Joe Henry moved with his family to Rochester, Mich., a suburb of Detroit, when he was a teenager and later majored in English at the University of Michigan. Now living in Los Angeles, Henry has a parallel career as a music producer, working with the likes of Elvis Costello, Solomon Burke, Bettye LaVette and Ani DiFranco.
Did Detroit’s rich musical heritage and history have much of an influence on you when you were living here?
Romantically, absolutely it did. I had grown up in the South and the kind of soul music I heard growing up there was more Ray Charles, Curtis Mayfield and the Impressions and stuff like that. To get to Detroit, where soul music meant Motown, which was much more urbane, orchestral pop music, I was just electrified by it.
How did you get involved with doing production work for other musicians?
My friend T-Bone Burnett was encouraging of it for years before I had any notion that I would have an interest in such a thing. When I first moved to Los Angeles in 1990, my album “Shuffletown” was about to come out, and T-Bone had produced it. When I landed out here, he enlisted me to help him as a production associate. I looked at it as something I could do to earn money and still be called a musician. I didn’t see it as part of my career journey, and I never made a decision to start doing that. The more I started to produce records, the less distinction I began to see between my work as an artist and my work as a producer.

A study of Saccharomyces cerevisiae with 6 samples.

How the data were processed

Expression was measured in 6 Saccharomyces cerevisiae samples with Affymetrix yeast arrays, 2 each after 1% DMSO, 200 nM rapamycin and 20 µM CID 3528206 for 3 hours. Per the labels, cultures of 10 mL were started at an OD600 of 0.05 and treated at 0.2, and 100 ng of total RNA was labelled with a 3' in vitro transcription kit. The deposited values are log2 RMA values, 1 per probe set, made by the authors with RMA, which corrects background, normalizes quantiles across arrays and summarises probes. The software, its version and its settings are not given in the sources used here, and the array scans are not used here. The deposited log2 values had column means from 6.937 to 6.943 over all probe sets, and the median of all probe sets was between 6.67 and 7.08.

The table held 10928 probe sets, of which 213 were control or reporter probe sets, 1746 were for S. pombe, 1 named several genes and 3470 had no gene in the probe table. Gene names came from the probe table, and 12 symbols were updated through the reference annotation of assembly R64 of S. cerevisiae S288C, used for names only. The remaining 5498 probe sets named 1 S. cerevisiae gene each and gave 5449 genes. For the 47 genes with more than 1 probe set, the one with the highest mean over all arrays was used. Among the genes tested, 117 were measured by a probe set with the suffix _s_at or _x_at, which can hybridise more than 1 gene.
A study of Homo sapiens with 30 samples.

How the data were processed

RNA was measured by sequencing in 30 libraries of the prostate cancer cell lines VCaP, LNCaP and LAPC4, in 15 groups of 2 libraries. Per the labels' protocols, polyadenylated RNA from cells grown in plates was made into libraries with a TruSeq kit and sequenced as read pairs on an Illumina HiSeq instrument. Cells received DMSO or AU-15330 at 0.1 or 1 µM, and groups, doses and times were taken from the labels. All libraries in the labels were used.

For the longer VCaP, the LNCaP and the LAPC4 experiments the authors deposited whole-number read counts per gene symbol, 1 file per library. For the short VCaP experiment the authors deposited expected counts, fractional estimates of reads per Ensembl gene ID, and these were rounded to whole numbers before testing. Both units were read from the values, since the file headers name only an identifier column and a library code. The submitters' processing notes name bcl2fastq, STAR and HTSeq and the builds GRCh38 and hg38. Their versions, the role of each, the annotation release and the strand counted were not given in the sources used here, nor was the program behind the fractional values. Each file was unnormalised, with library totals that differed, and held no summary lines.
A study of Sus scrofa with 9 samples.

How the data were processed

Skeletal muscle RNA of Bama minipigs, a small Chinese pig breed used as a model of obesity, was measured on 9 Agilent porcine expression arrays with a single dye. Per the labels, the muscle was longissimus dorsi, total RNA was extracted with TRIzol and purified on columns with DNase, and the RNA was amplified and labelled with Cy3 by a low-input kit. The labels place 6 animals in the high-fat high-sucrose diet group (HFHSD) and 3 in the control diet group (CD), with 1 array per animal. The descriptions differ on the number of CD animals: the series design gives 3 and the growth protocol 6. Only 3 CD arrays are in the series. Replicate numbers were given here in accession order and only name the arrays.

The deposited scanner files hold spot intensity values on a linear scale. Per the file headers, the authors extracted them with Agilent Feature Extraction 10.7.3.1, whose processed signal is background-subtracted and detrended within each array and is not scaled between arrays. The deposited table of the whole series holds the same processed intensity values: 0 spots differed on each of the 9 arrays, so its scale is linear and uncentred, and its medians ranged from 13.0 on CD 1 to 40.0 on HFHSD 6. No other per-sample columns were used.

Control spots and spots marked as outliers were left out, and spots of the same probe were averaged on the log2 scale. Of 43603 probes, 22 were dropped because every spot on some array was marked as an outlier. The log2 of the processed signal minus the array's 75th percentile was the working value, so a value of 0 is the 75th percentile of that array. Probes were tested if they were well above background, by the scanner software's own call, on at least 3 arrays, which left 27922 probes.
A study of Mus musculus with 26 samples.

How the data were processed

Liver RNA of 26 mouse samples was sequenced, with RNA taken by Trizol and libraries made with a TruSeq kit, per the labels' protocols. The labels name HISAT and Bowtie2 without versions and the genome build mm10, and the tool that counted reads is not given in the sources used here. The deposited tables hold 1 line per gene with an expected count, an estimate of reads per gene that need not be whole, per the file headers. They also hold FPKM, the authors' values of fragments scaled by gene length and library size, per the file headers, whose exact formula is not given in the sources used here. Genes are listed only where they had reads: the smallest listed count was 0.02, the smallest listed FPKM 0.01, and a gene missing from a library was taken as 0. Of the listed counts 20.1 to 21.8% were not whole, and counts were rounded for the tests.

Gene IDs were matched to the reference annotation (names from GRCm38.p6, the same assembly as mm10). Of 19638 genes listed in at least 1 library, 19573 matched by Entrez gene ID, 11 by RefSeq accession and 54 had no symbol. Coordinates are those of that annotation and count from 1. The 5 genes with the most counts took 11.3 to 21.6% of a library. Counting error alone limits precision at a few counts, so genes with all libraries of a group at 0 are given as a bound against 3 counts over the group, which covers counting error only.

What work do you have coming out soon?
I just finished (producing) a record with Rodney Crowell. It’s beautiful and really different from anything he’s done before. I’ve been working on another record with Loudon (Wainwright III) in pieces that’s really wonderful. I’m curating a music festival in Germany in the fall - it’s called the Century of Song. It’s kind of like making three records in a way; I’m curating three different performance periods in August, September and October.
What are your thoughts on the state of the music industry?
People in my racket on both sides of the fence, the artistic side and the business side, are in a bit of a tailspin. It’s not like the idea of music is dying. Don’t mistake the fact that the industry is being forced to rethink a dead model, which is overdue and happening anyway, with the notion that the public’s interest is waning. That couldn’t be farther from the truth. But always, always, music is the thing. The way it’s delivered, whether it’s an Edison cylinder or streaming over your computer speakers, it’s all just a window in. None of those things define what the music is and decide whether it’s meaningful or not.
If you could pick up the phone today and call an artist up and say, “I want to produce your next album,” who would it be?
There’s a few. The first person who comes to mind is Bill Withers. I’ve spent two years trying to make that phone call, as a matter of fact. He’s a retired person and very happily so, but, yes, I’d love to make a record with Bill. I’d love to produce a Prince record, actually. I’d love to produce the Roots, but Questlove seems to have that sewed up. I’d also love to make a great, direct jazz record with Wayne Shorter or Joe Lovano or Brad Mehldau.